Market appetite for big-ticket items seen growing
Demand for residential property is seen to further increase over the short term as rising incomes prompts more Filipino households to buy their own homes, the Bangko Sentral ng Pilipinas said.
Citing results of its latest survey on the buying intentions of Filipino households, the BSP said consumers’ appetite for big-ticket purchases, particularly house and lot, improved in the first quarter from year-ago level.
Of the respondent-households, 7.2 percent said they intended to buy house and lot within the next 12 months. This is higher than the 5.3 percent growth recorded in a similar survey in the first quarter of 2012.
“Consumer outlook on buying conditions was most upbeat for real estate. Respondents were of the view that real property is a good investment,” the BSP said in a report on the survey.
The survey, which was conducted nationwide from Jan. 21 to Feb. 3, had 5,670 respondent-households and a response rate of 96.9 percent.
For more than three years now, demand for residential property has been rising. This is on the back of the steady inflows of remittances and a favorable outlook on the Philippine economy.
According to the BSP, income security provided by overseas employment helps boost the confidence of Filipino households to buy big-ticket items. At least 10 percent of Filipino households are said to be partly or fully dependent on remittances from migrant workers.
Besides house and lot, motor vehicles are becoming more in demand because of the improving incomes of many Filipino households.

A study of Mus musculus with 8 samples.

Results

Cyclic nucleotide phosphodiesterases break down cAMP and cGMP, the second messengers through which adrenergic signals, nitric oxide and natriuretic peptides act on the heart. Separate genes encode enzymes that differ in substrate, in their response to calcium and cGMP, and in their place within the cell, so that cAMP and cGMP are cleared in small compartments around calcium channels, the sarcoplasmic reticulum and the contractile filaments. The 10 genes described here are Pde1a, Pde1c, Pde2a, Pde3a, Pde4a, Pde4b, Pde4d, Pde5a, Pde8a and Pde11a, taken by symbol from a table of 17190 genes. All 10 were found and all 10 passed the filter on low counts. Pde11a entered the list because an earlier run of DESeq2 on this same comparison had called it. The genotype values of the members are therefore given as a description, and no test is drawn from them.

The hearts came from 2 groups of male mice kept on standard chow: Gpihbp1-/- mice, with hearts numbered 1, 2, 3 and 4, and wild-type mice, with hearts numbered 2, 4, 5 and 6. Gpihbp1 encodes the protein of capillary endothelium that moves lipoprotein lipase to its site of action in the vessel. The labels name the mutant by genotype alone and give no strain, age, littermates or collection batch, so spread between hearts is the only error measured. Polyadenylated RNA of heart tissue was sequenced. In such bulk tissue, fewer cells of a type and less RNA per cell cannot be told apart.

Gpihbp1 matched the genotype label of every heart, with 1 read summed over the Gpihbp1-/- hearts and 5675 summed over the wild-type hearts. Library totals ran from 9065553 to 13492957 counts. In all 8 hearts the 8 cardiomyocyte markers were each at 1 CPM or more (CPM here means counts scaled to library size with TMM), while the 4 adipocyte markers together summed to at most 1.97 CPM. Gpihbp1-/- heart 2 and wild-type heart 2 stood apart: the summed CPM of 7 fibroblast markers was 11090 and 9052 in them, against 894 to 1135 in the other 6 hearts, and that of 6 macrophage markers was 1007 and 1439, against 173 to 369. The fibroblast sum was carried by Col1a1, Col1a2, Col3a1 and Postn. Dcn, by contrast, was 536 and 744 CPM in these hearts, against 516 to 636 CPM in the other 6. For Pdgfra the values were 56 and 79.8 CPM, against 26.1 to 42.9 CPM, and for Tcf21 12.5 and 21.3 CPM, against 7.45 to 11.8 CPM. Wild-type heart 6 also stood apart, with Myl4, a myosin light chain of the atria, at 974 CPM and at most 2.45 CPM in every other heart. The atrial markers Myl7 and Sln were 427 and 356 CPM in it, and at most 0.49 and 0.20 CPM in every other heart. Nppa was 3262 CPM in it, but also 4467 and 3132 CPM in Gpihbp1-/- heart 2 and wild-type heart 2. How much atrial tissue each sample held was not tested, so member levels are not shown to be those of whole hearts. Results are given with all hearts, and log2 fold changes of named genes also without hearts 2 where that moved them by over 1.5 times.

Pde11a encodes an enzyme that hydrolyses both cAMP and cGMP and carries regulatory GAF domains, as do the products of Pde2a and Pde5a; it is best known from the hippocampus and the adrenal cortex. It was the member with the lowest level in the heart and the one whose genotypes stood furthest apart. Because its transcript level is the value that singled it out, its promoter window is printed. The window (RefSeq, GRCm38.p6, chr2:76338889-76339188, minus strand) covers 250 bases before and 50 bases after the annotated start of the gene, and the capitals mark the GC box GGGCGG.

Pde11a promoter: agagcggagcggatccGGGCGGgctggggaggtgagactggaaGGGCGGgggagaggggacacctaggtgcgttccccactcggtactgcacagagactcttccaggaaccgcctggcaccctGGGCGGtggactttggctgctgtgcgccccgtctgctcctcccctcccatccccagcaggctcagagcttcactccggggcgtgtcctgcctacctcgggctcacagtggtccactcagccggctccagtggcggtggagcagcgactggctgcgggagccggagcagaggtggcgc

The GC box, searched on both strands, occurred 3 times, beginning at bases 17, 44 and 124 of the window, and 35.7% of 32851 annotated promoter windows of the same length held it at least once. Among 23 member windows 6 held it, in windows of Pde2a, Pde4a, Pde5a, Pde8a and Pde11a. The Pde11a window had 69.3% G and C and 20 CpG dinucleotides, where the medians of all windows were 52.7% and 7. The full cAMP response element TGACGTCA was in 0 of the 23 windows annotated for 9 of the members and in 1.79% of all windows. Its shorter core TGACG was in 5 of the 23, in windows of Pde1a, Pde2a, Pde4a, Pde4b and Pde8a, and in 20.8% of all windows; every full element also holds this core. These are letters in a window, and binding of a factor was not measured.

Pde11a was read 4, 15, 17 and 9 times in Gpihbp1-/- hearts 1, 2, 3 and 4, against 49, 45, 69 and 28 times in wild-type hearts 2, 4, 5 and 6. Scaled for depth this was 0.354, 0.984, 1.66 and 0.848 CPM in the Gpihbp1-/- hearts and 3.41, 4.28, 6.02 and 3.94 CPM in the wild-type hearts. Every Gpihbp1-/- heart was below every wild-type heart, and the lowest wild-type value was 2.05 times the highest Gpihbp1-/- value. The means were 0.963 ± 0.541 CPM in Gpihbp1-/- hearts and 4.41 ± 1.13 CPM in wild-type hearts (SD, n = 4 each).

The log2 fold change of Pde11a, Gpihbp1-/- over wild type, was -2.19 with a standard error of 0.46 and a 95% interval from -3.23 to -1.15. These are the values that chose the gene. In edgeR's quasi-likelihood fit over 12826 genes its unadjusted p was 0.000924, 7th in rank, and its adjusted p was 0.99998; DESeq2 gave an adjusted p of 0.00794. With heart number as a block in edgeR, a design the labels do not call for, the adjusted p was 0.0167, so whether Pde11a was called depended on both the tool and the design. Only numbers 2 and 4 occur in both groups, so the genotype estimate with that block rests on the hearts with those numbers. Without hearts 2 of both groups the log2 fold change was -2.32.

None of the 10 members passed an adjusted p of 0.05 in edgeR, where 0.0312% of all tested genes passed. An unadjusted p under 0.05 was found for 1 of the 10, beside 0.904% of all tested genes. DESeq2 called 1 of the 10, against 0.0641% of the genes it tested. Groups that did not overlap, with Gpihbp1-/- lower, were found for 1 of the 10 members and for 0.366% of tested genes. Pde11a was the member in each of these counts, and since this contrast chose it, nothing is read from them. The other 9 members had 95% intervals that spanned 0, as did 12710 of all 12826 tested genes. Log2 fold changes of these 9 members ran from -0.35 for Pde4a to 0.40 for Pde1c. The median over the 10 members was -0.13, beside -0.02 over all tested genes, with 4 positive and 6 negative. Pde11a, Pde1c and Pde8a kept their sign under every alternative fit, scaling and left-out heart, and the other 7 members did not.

Results of the same survey showed that 3.8 percent of the respondents intended to buy motor vehicles over the next 12 months, up from 2.9 percent a year ago.
The survey results are consistent with the robust increase in demand for housing and auto loans from banks.
The BSP and banking industry players expect consumer loan demand to grow by double-digit rates this year.
Believing that the Philippine economy will perform favorably and that incomes will be steady or further increase, many households are in the mood to buy big-ticket items with the help of bank loans, the BSP said.
The sustained rise in demand for residential property and the corresponding robust pace of increase in bank loans have elicited concerns that the Philippines may be headed to an asset price bubble.
However, the BSP said it was not seeing any significant signs of an asset price bubble so far. It acknowledged though the need for banks to exercise prudence in lending.
Recently, banking industry players, with help from the BSP, formulated a manual for the extension of housing loans. The manual covered the payment capacity of borrowers and appropriate payment terms. It also states that housing loans should be extended only if the real estate developers concerned are accredited by banks.